Regional Reviews: St. Louis
Bengal Tiger at the Baghdad Zoo
Also see Richard's review of The Realistic Joneses
After all that comes intermission at the Kranzberg Arts Center, and the line for the bar seemed unusually long. Finally! A modern play that's good for concessions, with both an intermission and the verifiable need for a stiff drink.
But act two is comparatively soothing, notwithstanding a lot of intense scenes with Uday Hussein, son of the Iraqi dictator Saddam Hussein. Generally, it's a lot more metaphysical after the break because, as actor Don McClendon (elegant and mystical as the tiger) points out, post-invasion Baghdad is suddenly full of ghosts. Beyond that, the plot turns on a familiar device, the smuggling of gold out of a country ravaged by warthink Kelly's Heroes or Charade as two movies that revolve around the search for missing gold after World War II. But this is 2003, and not "The Good War" of the 1940s. In Bengal Tiger, the search for gold is tainted and grotesque, centering on Uday's gold-plated .44, and a gold-plated toilet seat stolen from the palace of Saddam. These stage props add an obscene tone to naked human greed, in an excellent production by Black Mirror Theatre.
Director Catherine Hopkins draws intensely real, focused performances from her cast, including Brian J. Rolf as a weary translator who follows the U.S. soldiers through this foreign land. As Musa, Mr. Rolf is haunted by the ghost of Uday (blood-curdling in a performance by Chuck Winning) and by bittersweet memories of Musa's younger sister (Hailey Medrano), lost to him in the tyranny of the Hussein dictatorship. The actors who play the two American soldiers, Eric Kuhn and Kalen Riley, are shockingly good: Mr. Kuhn delivers unexpectedly high drama, and Mr. Riley goes from backwoods idiocy, to searing madness, to dry comedy in this script finalist for the 2010 Pulitzer Prize.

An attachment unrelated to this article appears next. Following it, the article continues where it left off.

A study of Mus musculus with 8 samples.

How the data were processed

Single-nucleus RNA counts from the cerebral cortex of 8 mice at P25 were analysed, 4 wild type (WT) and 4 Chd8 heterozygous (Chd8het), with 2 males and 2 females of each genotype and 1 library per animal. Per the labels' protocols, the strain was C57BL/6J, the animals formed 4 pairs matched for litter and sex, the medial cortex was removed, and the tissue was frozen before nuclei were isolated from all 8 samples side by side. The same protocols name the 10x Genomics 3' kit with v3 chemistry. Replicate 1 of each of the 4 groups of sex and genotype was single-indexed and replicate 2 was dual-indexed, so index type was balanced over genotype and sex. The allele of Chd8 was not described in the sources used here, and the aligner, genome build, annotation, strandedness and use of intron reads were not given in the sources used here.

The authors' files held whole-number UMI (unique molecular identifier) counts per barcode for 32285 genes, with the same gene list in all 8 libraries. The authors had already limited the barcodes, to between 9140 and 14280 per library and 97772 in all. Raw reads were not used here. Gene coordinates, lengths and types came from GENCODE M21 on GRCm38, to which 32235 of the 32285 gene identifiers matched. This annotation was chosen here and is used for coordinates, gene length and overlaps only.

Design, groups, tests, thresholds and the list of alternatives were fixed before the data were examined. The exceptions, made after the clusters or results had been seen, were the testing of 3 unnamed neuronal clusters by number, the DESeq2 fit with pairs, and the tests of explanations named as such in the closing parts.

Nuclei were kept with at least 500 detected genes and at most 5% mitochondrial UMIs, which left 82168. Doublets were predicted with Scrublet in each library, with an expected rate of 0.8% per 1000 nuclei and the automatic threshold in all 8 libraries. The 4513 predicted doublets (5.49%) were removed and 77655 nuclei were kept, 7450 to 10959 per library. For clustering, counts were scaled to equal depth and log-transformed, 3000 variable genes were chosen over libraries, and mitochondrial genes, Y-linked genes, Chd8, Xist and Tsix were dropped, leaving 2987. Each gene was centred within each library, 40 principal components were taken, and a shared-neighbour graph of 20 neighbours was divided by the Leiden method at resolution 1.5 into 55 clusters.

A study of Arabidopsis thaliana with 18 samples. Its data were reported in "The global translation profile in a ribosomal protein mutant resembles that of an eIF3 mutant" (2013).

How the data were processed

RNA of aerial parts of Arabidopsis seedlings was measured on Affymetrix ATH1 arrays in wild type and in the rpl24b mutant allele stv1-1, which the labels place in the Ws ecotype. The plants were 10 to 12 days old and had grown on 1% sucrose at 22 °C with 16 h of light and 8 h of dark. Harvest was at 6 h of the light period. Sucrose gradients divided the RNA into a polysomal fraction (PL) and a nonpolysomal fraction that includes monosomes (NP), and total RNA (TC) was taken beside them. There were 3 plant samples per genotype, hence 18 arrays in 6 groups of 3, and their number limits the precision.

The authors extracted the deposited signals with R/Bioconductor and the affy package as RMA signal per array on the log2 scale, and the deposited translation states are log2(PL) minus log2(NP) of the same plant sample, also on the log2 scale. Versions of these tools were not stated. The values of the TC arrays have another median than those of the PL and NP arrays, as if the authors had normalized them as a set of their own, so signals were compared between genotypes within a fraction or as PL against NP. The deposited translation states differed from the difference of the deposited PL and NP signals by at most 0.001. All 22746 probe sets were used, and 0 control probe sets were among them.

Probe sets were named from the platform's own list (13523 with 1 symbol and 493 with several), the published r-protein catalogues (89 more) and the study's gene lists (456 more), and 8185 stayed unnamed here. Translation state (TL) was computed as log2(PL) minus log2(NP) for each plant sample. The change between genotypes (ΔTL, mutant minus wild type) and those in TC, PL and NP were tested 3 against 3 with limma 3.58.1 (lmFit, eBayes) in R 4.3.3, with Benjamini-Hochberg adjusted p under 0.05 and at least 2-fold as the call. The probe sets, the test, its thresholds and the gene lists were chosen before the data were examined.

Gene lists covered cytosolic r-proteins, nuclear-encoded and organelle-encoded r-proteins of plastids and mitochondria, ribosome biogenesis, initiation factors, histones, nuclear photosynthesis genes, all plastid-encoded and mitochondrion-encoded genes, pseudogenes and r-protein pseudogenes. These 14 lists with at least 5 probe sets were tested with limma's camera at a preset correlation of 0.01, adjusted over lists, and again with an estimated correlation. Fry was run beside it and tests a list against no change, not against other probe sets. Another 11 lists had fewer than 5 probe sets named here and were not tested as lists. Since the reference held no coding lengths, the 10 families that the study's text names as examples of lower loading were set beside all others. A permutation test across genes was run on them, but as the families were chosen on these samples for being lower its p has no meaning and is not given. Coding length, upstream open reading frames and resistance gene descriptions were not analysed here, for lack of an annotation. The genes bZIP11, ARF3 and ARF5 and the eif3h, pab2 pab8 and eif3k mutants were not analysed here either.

Nearly as much as the search for profane gold or the search for healing, there is also a search for God: a deity who is all powerful, but unwilling (or unable) to intercede on anyone's behalf. The frustrated spiritual quest is marked by riddles and comedy, which elicit a koan-like sense of intellectual surprise. Still, the metaphysical element has trouble gaining territory here. Everyone on stage does well with their urgent prayersbut the soul of man is as ruined as Baghdad is itself.
Black Mirror Theatre's Bengal Tiger at the Baghdad Zoo, through August 4, 2018, at the Kranzberg Arts Center, 01 N Grand Blvd, St. Louis MO. For more information visit www.blackmirrortheatre.com.
Cast (in alphabetical order):
The numerous passages of dialog spoken in Arabic are coached by a consultant who wishes to remain anonymous.